September 17, 2003|Valli Herman-Cohen | Times Staff Writer

A blender is a blender is a blender -- or so we've always thought. After all, other than a sleek design or a choice of a dozen different speeds, basically they all do the same thing: whirl stuff around.

Or do they?

Suddenly, there's a dizzying array of blenders on the market, with prices from $15 to $600 and designs from Art Nouveau curvy to almost Humvee-like industrial. After putting six models through their paces, we learned that how well they work is as wide-ranging as their looks. The most expensive model got so hot, it cooked the eggs and scrambled our mayonnaise. A mid-priced blender was so poorly designed it couldn't puree well. The cheapest? It worked quietly and efficiently.

After Fred Waring introduced his Miracle Mixer at a 1937 Chicago restaurant show, the blender quickly became a must-have in every modern kitchen. If its luster faded when the Cuisinart food processor hit the scene in the 1970s, it wasn't for long. Although food processors, drink mixers and immersion blenders all shine at specific cooking tasks, the blender still rules as master of pureed soups, frozen cocktails and emulsified sauces.

So how to choose among the myriad options? The candy-apple red Oster with the see-through base would look great with your iMac, and the soon-to-be released Jenn-Air with its faux-etched glass jar would be swell displayed on your bar, but can either of them turn out a perfectly smooth carrot-ginger soup?

Blenders today can have 14 speeds, or two; pulse buttons, push buttons, touch pads or toggles; a motor that is adequate or tremendously powerful. And then there are the design issues: Setting looks aside, is it easy to scrape out all the sauce from the jar? Will it splatter you as you pour in liquid through the fill cap? Unless you're a margarita maniac or a mayonnaise maven who will use your machine for only one kind of task, you'll want the best all-around blender in your price range.

The physics behind the blender is simple. The blades, jar shape and motor speed are configured to push as much product, as fast as possible, into the blades, said Art Sansone, vice president of engineering for Waring. Lower-end blenders rotate the blades at about 16,000 rpm, while commercial models spin at 26,000 rpm or more -- a speed that, in about 10 seconds, turns ice cubes into snow and creates fine air bubbles to make a frothy sauce (faster motors introduce more air into a blend).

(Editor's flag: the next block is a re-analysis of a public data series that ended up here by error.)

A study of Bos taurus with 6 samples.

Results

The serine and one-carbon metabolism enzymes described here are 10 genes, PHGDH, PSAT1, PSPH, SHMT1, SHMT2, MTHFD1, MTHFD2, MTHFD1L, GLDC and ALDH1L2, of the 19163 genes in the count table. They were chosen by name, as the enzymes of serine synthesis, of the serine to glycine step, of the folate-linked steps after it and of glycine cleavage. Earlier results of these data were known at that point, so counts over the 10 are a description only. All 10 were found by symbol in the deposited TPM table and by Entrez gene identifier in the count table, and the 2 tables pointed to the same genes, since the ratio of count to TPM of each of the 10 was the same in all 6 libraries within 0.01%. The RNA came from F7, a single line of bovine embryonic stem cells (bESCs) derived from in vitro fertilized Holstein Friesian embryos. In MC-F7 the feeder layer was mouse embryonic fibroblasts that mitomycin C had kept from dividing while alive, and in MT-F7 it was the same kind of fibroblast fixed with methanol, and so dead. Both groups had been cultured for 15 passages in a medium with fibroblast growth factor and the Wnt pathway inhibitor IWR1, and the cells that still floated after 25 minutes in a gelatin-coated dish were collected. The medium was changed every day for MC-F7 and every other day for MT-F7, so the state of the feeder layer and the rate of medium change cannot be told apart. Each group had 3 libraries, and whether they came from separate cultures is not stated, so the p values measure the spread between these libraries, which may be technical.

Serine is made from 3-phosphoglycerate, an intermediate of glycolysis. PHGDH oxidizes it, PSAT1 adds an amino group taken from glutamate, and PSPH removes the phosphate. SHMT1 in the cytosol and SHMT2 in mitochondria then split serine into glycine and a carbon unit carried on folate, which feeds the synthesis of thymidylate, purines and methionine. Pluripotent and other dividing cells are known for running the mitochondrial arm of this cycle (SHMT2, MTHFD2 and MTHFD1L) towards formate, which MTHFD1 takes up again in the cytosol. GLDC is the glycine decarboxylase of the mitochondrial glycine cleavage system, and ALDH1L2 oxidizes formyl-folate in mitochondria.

In testing six models, we looked for power, capacity and ease of operation and cleaning. Most of all, we wanted really smooth sauces and frothy drinks. To that end, we tested each by blending mayonnaise, crushing ice and pureeing smoothies.

Mayonnaise proved to be tricky -- in some blenders it won't emulsify; in others, a recessed base won't allow the ingredients to mix together completely. Ice isn't easy, either. Some motors aren't powerful enough to crush ice; some blades aren't efficient enough to make a completely smooth puree. And because others start so fast that they blast hot liquids all over, we ran a final test by filling each half-full of hot liquid.

If we had to choose just one blender to last a lifetime, we'd invest in the $200 Waring Commercial Drink Mixer blender. The smoothie and the mayonnaise were wonderfully smooth, light and evenly mixed. Ice pulverized in seconds. Several new features, such as a flip-up fill cap, made it even easier to use.

Our choice for the best inexpensive, all-purpose blender was a $25 Toastmaster model. It impressed us with very smooth, extremely frothy blending, efficient ice-crushing, an extra-wide container opening and fairly quiet operation. It lost out by a nose to the Waring Commercial because of its less-substantial plastic construction and its poor handling of our mayonnaise test.

The other four blenders had odd quirks and problems. Most were headache-inducing noisy. As we added oil through the lids' fill caps, most (except the Waring Commercial and the KitchenAid) splattered enough to coat countertops and condition our hair with mayonnaise. Some were too tall; others too heavy or wobbly.

Until we tested it, we were swooning over the potential of a professional model, the $389 Vita-Prep variable speed model 1002. With its hefty square base, 20-inch height and black rubber lid as big as a plunger, it looked as if it could guard Buckingham Palace.

Its detailed instruction book, stuffed with superlatives and warnings, claimed that it purees more smoothly than ordinary blenders in half the time, and it was true. It so powerfully pulverized smoothie ingredients that hardly a strawberry seed was visible after only 20 seconds. Yet the two-horsepower motor can heat up so much that the eggs in a batch of mayonnaise cooked into a scrambled mess.

The $44.95 Oster has a respectable 450 watts, 14 speeds and a compact design, but its shrill whine and wicked splattering made us run for cover.